You're in a classroom and a 17-year-old student's bag spills out on to the floor, revealing a fake ID card. How do you react?
It's one of the issues delegates at next week's English UK Management Conference will be considering during a session on safeguarding under-18s. Trainer Nigel Heritage says many people ask why it's pertinent to managers and academic managers, and adds: "Everybody is involved in safeguarding through duty and legal requirement: it matters they are looking after and working with what other people's children.The way I talk about it is to imagine if it was their daughter over in Beijing or Moscow how they would expect her to be looked after, and that gets people thinking."
Safeguarding has become more of an issue for English UK member centres in recent weeks since the Accreditation UK scheme was rewritten to include a new section on care of under-18s, adding new criteria. But with so much publicity around the Jimmy Savile and other high-profile cases, there is a tendency to confuse child protection and safeguarding.
"Child protection is part of safeguarding: safeguarding is the duty of care to look after everbody properly and make sure they are safe. Protecting children from abuse is part of it but we all have a duty of care to look after under-18s as a responsible and careful parent and everybody in school is involved with that," says Nigel.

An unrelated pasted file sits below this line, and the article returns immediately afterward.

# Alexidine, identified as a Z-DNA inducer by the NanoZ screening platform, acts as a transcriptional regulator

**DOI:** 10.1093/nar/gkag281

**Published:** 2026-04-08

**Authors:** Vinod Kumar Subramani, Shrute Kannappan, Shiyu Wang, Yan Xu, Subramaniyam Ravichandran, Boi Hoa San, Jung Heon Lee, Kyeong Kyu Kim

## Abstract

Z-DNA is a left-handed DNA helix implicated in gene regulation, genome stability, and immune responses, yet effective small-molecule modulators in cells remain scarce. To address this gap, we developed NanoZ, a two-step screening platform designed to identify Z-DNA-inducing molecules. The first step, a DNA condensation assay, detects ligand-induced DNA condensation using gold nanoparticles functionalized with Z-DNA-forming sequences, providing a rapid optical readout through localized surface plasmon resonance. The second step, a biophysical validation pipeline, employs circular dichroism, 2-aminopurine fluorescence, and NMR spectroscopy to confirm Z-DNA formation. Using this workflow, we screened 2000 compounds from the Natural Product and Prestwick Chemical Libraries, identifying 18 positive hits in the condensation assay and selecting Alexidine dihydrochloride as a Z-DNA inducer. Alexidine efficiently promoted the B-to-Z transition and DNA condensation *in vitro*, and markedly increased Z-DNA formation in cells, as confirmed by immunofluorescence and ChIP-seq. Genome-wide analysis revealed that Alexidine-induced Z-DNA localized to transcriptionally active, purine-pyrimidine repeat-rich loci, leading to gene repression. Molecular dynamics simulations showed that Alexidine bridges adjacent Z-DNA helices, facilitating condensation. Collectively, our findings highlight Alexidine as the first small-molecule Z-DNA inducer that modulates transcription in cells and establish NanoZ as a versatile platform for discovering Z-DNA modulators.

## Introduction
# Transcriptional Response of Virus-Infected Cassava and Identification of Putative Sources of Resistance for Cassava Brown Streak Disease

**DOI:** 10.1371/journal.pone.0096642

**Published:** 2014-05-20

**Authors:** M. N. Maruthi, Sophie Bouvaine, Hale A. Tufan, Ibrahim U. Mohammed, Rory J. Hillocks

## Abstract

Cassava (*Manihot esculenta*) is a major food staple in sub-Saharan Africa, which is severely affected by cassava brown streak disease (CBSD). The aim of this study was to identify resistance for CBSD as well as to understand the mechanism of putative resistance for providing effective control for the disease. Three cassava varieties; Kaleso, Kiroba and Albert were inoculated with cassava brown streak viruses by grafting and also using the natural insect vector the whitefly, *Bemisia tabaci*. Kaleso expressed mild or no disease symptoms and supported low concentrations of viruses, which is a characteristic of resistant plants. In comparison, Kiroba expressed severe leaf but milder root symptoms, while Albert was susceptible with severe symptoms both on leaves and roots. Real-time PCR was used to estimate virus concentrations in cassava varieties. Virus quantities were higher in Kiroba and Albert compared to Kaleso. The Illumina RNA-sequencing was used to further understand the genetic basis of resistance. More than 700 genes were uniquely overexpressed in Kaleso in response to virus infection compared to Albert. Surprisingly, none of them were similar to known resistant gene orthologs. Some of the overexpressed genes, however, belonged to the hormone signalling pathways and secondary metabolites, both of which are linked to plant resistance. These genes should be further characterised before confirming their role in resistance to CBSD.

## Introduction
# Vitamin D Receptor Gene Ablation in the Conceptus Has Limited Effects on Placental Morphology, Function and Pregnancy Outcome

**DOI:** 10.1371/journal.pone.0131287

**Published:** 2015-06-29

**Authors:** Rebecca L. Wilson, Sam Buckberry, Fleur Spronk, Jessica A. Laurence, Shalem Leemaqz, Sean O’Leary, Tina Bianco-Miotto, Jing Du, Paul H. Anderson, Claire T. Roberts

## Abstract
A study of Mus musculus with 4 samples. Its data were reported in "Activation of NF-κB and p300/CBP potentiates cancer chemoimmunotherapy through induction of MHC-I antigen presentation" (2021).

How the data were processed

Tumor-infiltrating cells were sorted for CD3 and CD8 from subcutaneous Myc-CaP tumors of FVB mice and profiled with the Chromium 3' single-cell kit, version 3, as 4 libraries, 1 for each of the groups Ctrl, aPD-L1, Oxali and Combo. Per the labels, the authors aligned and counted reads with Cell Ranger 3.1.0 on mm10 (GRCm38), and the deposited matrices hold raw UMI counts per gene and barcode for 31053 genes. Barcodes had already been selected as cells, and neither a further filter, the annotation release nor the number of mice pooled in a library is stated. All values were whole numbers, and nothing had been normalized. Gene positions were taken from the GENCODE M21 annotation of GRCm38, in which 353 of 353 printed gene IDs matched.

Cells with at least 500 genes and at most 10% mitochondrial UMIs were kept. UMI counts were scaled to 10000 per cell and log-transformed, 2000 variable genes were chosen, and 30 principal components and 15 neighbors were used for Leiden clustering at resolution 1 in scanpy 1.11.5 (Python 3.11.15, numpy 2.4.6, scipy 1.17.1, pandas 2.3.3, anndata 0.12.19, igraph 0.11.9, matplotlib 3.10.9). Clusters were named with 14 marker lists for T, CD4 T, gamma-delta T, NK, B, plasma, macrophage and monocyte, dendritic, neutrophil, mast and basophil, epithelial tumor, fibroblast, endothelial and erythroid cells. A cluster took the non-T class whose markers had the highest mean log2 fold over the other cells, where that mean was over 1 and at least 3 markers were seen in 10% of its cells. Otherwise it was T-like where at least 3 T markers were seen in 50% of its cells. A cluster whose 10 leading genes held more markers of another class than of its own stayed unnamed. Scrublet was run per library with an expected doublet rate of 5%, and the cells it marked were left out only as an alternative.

Some people are more clued up than others, he says, but others think it's "just about recruitment and doing a DBS (Disclosure and Barring Service) check on the teacher. Safer recruitment is just part of it: you have to think about what systems are in place. It's much more important to create a safer school culture because if that's in place it's a genuinely much safer environment and less likely that anyone behaving inappropriately with under 18s will make any progress. Ticking the box of having a DBS certificate only tells you that someone hasn't yet abused a child: it doesn't tell you if they're on the pathway to doing that."
Nigel promises a practical session at the conference in Bristol on Friday 7 March, with plenty of examples to get managers thinking and talking through all the issues to ensure it is relevant to everyone's centre and experiences.
"We talk about children of all ages. Nobody says I don't take kids so this doesn't affect me. Very few schools don't take 16 and 17 year olds on adult courses -- I think I've met two over the years -- therefore it does affect them. They may have signed up to adult courses but they still need safeguarding."
Interested in attending?
It's not too late to book a place on the English UK Management Conference, which includes sessions from David Graddol on trends in emerging economies, George Pickering on management research, Dianne Tyers on lessons from the management front line and Silvana Richardson on teachers' resistance to learning in professional learning programmes.
To see the full programme or book for the two-day conference at the Bristol Marriott Royal Hotel, click here.